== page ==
Frequently Asked Questions
No. That being said, the plastic bottle it is contained in does expire and will eventually start leaching chemicals into the water. Basically plastics are permeable, so water shouldn’t be stored near pesticides and gasoline. For more information click here to read our more detailed article on water expiration dates.
Being a “prepper” is about preparing for the future. There is no one single that that can save you in a worst case scenario, if you aren’t fully prepared. There are a few things that will help though … you need a supply of fresh water, and food to feed you and your family. Just think of the basics. Do you have a roof over your head? Do you have a way to start a fire? Do you have enough clean, safe water to drink? Do you have clothes? Do you have blankets to keep warm?
More than 160 million American adults (65.45%) are estimated to have either recently purchased survival gear or, interestingly, are already in possession of survival gear because they always keep them on hand. The remaining 85 million (34.55%) are not preparing for the end of the world as we know it. Of those who report prepping, 36.35% spent up to $400 on survival kits in the past 12 months.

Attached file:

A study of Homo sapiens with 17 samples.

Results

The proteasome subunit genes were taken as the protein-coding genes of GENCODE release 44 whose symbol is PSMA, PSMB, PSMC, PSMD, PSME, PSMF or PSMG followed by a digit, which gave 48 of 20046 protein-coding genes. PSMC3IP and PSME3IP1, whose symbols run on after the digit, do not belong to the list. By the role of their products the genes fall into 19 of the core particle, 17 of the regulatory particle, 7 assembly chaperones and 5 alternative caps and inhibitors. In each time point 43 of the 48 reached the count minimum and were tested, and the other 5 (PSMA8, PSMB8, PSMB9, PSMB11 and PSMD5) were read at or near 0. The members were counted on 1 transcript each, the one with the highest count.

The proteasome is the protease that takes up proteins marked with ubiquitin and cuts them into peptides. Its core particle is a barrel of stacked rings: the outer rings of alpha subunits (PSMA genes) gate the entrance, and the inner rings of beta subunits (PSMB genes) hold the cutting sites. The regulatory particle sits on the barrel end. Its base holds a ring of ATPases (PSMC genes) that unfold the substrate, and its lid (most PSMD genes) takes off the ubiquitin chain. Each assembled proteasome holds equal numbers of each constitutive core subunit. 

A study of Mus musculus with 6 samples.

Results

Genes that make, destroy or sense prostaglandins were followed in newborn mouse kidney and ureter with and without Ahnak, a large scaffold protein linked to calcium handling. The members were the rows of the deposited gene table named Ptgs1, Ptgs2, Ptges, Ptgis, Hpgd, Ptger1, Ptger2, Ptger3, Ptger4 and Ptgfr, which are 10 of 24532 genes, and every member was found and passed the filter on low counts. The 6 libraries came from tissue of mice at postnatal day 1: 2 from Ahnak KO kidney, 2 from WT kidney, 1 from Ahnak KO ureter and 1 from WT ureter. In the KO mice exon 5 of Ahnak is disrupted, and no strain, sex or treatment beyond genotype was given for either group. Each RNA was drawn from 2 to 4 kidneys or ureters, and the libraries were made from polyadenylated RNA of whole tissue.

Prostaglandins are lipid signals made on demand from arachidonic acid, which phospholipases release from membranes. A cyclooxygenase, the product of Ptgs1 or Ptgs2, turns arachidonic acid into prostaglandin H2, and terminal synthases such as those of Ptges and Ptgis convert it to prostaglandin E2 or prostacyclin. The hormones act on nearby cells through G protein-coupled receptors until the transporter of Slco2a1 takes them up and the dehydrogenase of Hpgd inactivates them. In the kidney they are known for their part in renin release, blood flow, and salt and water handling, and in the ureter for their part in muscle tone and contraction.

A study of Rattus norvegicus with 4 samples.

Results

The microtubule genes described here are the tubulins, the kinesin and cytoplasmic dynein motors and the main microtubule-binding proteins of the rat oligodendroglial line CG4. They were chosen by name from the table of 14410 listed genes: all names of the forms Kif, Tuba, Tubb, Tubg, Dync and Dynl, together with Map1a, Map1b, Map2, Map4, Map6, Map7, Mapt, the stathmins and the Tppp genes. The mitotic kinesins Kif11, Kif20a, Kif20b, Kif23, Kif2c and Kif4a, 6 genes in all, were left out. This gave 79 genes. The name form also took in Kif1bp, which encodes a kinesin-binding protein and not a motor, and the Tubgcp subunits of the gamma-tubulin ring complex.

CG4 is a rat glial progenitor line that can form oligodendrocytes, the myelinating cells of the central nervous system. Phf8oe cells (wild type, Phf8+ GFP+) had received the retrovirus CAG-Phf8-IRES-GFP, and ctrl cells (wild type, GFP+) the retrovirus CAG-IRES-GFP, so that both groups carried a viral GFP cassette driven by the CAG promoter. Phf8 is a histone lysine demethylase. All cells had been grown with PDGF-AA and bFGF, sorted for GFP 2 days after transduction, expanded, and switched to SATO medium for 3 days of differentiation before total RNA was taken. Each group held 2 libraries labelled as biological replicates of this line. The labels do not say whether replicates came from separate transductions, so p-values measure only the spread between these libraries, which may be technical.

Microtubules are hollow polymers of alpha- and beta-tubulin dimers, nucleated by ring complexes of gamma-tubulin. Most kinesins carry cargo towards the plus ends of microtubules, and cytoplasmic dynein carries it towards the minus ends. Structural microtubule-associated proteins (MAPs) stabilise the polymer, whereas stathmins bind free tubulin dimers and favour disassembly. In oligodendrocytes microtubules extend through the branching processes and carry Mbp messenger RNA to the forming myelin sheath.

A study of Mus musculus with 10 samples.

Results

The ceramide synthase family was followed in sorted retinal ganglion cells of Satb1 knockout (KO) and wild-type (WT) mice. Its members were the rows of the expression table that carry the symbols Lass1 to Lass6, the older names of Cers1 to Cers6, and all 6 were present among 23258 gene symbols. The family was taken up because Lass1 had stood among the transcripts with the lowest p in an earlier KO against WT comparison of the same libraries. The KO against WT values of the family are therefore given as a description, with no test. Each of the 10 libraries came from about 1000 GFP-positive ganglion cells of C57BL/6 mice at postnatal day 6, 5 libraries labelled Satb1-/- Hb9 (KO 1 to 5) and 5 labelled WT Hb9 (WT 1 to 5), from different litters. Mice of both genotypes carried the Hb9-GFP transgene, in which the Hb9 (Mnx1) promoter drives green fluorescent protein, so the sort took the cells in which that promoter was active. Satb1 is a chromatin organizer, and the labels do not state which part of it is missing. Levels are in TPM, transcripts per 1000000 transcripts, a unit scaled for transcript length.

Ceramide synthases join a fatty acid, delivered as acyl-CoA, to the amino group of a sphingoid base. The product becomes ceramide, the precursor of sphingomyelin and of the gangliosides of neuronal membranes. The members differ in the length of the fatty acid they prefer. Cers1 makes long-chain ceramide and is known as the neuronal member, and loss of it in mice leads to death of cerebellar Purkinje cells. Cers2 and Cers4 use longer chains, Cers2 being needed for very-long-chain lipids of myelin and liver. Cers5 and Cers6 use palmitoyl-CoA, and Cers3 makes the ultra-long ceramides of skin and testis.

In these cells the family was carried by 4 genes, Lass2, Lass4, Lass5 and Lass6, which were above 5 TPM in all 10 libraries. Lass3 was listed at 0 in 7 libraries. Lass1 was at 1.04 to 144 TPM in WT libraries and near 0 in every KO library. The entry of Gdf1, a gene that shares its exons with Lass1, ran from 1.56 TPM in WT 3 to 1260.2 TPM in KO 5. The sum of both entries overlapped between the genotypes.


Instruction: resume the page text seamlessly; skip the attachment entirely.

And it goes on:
That's not an easy question to answer. It really is different for every family. Our survey found that an estimate of more than 1 in 4 American adults spent up to $2,000 on home renovations to prepare for withstanding emergencies.
According to the Modern Survival Blog, Texas has the most preppers, followed by North Carolina, California, Washington and then Florida.
There are a ton of companies who sell prepper food kits that range in quality and price. Costco even sells one for $6,000 which is called Nutristore, a 1 year premium food kit. The pallet contains 600 cans of food that can feed four people a "well rounded" 2,000 calorie per day diet for 12 months.